Tuesday, September 4, 2007
Three Sisters on the Road
Ah, family. You love ‘em one minute and the next you’re ready to leave them by the side of the road and drive off. At least that’s what happened to me. My two sisters came to visit and to celebrate, we went to Three Sisters, Oregon. For those of you not from the Northwest, it’s part of the Cascade Mountain Range.
We had a few vague ideas of what we wanted to do in Sisters, but the big one was the “scenic drive loop.” My sister Mary had it all mapped out, with especially promising scenics highlighted and circled. Hike at Proxy Falls, lunch at Suttle Lake, and a sunset stop at the Three Sisters viewpoint.
Sandwiches and trail mix packed, we stopped at the ranger station on the way out of town to see if there was a hiking map we hadn’t yet picked up. That’s when we found out part of the road was closed. No scenic loop drive! We were devastated. I wanted to pack it all up and head right home, but Mary, glass half-full kind of girl that she is, insisted we could drive as far as the road closed sign and turn around and come back the same way.
I agreed, but ate my sandwich early to suppress my feelings of disappointment. Things were going along great. Beautiful views, great music on the stereo and wide open roads. We hiked at the falls, met a cute couple at Suttle Lake and even snuck into the hot springs resort and put or feet in the warm, healing waters. But then the road ended. The only thing that was missing from our day was that perfect viewpoint of the Three Sisters Mountains, where we could pose for the photo to send our parents.
Dejected, we headed back the same way we came and ate mediocre burgers at Bronco Billy’s. (They promised the best in Oregon, but obviously the voters have never eaten at Higgin’s bar in Portland.) Over dinner, we pulled the maps out, trying to determine the best place to for our photo. As Mary and I poured over the topographical map and played with her GPS system, Laura announced that she had found it. The road to the lookout point.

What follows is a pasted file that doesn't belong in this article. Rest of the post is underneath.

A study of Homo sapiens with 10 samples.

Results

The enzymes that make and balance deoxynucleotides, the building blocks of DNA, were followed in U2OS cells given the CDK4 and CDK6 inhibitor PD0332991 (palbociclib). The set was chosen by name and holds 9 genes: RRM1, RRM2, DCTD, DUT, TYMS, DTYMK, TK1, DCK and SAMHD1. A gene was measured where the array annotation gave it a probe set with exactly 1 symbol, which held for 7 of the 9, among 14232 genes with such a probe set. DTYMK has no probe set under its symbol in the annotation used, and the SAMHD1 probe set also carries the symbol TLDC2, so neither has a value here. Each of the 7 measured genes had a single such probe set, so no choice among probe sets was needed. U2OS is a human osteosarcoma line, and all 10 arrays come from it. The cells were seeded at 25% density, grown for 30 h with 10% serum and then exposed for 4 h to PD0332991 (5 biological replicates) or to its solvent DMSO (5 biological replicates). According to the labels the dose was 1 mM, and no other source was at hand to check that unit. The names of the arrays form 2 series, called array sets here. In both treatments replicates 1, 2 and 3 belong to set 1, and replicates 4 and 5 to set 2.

Early the next morning we headed out, carefully following the directions Laura dictated from the back seat. Out Route 20, left at the post office and keep driving. And driving and driving. As we first headed down the road, the mountains came into view. We felt assured a pull-off would appear and we’d hop out, snap our photo and continue on our merry way.
But 20 miles down the road, as we headed deeper and deeper into the forest, with no turn-out in sight and the mountains obscured by the thickening woods, I finally asked Laura to let me see the map.
The map she handed me wasn’t a real map at all. It was one of those free things you pick up in the grocery store of tourist towns, with ads all along the border and a few restaurants and art galleries drawn in. “Where’s the lookout?” I asked her. She pointed to a line on the map. A line that meandered toward a cartoonish drawing of the mountains and just ended. “Where’s the lookout?” I repeated, not seeing it on the “map.” “I just assumed if we went to the end of this road, there’d be a good viewpoint,” she said. Obviously my sister has little experience on forest service mountain roads and map reading. Mary and I just groaned, I turned the car around as Mary tried to explain to my older sister that a line ending on a free tourist map doesn’t necessarily mean the road ends and even if it does, doesn’t mean the mountains will appear unobstructed in front of us like they appear on the “map.”
The day wasn’t a total disaster, though. As we headed east toward Bend, back 20 miles to where we started and just a few miles down the road, we saw it. A beautiful view of the Three Sisters Mountains. I pulled to the shoulder of the road and we snapped this picture. And I didn’t even leave my sister by the side of the road.